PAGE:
Installing RabbitMQ Messaging Topology Operator
This guide covers the installation of the RabbitMQ Messaging Topology Operator in a Kubernetes cluster.
The Operator requires
- Kubernetes 1.18 or above
- RabbitMQ Cluster Operator 1.7.0+ (if not, RabbitMQ Messaging Topology Operator will fail to start)
There are two options for installing the Operator:
- Install with cert-manager
- Install generated certificates
Install with cert-manager
First, install cert-manager version 1.2.0+ on your cluster. For example, for version 1.3.1, run:
kubectl apply -f https://github.com/jetstack/cert-manager/releases/download/v1.3.1/cert-manager.yaml
Then, to install the Operator, run the following command:
kubectl apply -f https://github.com/rabbitmq/messaging-topology-operator/releases/latest/download/messaging-topology-operator-with-certmanager.yaml
Install with Generated Certificates
Without cert-manager installed, you will need to generate certificates used by admission webhooks yourself and include them in the operator and webhooks manifests.
Download the latest release manifest https://github.com/rabbitmq/messaging-topology-operator/releases/latest/download/messaging-topology-operator.yaml.
The Messaging Topology Operator has multiple admission webhooks. Their endpoints are TLS-enabled and require a webhook certificate that must be used in multiple places in the downloaded release manifest.
Sections below explain the steps involved into installing certificates for webhook admission.
Generate Key/Certificate Pair
First, generate one or more key/certificate pairs for webhook admission.
These certificates must be valid for
Create a K8S Secret
Next, create a Kubernetes secret object with the name of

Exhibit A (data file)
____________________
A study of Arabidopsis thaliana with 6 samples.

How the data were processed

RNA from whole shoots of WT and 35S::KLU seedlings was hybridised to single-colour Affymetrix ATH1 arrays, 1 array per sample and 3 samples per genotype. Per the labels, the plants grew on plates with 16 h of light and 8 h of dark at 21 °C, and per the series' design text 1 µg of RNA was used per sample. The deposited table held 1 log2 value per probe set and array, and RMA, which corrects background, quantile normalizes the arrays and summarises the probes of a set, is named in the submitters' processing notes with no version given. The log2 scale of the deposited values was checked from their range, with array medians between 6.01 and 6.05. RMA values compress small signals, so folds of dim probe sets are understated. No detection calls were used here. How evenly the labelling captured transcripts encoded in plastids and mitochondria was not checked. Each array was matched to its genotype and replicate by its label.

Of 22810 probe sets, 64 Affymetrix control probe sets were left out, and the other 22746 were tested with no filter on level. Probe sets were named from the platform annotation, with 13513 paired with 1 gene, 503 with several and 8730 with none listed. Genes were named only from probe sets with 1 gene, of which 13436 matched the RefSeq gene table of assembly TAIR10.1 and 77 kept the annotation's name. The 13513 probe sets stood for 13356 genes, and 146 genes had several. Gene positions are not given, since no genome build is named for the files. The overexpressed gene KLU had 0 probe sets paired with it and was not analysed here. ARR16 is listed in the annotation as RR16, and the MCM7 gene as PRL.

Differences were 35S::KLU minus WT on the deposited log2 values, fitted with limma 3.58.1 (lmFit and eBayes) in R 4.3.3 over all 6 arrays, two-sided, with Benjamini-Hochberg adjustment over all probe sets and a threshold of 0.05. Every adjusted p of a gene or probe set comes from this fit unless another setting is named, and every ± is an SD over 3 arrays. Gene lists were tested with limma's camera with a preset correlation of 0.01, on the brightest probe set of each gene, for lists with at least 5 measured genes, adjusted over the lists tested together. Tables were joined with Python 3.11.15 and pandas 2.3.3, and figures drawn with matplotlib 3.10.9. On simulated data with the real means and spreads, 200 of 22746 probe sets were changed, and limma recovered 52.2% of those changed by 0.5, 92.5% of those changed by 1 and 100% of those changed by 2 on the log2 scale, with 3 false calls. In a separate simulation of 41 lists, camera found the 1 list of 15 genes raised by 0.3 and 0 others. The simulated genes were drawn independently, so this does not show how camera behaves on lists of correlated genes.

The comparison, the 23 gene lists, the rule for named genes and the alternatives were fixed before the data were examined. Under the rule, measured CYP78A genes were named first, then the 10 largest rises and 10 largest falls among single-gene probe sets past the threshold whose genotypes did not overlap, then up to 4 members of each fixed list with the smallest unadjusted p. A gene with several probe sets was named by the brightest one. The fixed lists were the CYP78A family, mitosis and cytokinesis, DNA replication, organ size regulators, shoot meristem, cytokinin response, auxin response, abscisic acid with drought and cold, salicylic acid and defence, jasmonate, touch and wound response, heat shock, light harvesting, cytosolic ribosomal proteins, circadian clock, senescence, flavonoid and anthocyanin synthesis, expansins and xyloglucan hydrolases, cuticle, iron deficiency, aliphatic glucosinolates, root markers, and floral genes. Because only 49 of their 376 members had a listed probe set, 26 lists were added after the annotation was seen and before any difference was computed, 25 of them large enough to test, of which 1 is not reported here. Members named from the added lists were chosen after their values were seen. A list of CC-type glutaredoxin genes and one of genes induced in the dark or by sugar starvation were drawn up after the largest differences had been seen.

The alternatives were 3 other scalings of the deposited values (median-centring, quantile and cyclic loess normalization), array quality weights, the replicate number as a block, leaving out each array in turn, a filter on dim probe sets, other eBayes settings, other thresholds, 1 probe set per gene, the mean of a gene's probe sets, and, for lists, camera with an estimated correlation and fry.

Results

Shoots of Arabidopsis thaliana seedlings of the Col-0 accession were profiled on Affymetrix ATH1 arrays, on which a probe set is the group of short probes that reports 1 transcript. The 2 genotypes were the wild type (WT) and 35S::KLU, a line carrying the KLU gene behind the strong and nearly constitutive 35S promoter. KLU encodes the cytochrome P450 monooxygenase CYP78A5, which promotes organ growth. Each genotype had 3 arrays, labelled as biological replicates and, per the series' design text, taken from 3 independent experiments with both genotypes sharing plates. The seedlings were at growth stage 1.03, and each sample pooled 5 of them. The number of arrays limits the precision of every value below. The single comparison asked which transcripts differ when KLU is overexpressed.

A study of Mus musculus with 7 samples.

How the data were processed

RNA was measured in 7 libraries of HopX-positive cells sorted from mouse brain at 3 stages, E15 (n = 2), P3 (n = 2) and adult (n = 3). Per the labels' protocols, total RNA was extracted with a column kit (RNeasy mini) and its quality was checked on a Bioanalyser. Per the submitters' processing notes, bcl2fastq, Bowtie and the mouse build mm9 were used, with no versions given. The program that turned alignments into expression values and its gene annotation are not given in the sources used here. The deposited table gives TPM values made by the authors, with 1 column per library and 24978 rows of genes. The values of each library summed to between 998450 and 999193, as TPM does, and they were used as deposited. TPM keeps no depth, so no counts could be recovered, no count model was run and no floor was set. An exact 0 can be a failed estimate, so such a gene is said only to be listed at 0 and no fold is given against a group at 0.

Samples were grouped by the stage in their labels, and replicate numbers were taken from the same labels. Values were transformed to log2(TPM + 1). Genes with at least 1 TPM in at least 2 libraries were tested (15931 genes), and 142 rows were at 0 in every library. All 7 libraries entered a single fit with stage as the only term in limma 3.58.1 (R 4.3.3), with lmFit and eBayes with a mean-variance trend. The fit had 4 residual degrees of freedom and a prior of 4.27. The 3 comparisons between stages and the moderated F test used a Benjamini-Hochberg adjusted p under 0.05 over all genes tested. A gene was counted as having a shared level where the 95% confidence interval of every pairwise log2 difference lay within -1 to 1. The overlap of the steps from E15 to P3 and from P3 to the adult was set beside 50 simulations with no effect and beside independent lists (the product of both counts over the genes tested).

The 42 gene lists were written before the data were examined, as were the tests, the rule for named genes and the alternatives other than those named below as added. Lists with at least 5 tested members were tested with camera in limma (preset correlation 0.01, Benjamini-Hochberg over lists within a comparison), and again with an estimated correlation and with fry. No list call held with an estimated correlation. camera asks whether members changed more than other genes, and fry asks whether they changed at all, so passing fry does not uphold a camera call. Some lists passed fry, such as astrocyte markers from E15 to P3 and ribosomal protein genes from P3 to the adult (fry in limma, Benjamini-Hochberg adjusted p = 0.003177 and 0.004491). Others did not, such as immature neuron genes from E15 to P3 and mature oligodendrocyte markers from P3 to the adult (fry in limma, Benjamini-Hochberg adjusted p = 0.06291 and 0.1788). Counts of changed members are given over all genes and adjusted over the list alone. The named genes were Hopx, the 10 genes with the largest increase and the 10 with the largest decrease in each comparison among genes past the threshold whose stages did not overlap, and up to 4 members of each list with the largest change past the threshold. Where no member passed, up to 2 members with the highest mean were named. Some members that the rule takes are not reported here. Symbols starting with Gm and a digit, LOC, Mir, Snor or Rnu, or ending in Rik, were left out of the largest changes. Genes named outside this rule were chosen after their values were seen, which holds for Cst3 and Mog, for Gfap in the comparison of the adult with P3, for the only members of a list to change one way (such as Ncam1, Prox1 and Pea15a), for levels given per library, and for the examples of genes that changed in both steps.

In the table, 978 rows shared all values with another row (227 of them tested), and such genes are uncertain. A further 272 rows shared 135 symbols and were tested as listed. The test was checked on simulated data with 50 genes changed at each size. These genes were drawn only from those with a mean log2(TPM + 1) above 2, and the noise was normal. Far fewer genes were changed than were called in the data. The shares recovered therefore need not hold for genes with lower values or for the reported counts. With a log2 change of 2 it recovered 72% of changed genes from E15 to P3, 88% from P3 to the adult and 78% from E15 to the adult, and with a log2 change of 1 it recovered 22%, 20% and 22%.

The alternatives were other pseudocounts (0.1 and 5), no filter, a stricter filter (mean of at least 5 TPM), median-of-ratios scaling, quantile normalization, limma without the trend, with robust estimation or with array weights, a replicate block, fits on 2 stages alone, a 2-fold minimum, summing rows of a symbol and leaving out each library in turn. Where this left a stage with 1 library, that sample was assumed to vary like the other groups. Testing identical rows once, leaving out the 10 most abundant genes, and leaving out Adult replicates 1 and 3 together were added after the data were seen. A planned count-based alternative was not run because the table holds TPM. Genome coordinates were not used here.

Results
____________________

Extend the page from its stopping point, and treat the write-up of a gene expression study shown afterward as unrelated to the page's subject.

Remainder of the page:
webhook-server-cert in the
The secret object must contain the following keys:
tls.key(leaf/webhook private key)
The secret will be mounted to the Operator container, where all webhooks will run from.
apiVersion: v1 kind: Secret type: kubernetes.io/tls metadata: name: webhook-server-cert namespace: rabbitmq-system data: ca.crt: # ca cert that can be used to validate the webhook's server certificate tls.crt: # generated certificate tls.key: # generated private key
Use Generated Certificates in Release Manifest
Finally, add webhook’s CA certificate to the release manifest,
There are multiple admission webhooks, one for each CRD type.
Look for keyword
clientConfig in the manifest, and paste the webhook CA certificate under
Because there are several webhooks, perform this action in several places.
The example below shows how to add a CA certificate to the
queues.rabbitmq.com validating webhook:
apiVersion: admissionregistration.k8s.io/v1 kind: ValidatingWebhookConfiguration metadata: annotations: name: validating-webhook-configuration webhooks: - admissionReviewVersions: - v1 clientConfig: caBundle: # generated ca certificate goes in here service: name: webhook-service namespace: rabbitmq-system path: /validate-rabbitmq-com-v1beta1-queue failurePolicy: Fail name: vqueue.kb.io rules: - apiGroups: - rabbitmq.com ...Then, to install the Operator, run the following command:
kubectl apply -f messaging-topology-operator.yaml
At this point, the RabbitMQ Messaging Topology Operator is successfully installed.
Older Operator Versions
To install a specific version of the Operator, obtain the manifest link from the Operator Releases. Using the latest version is strongly recommended.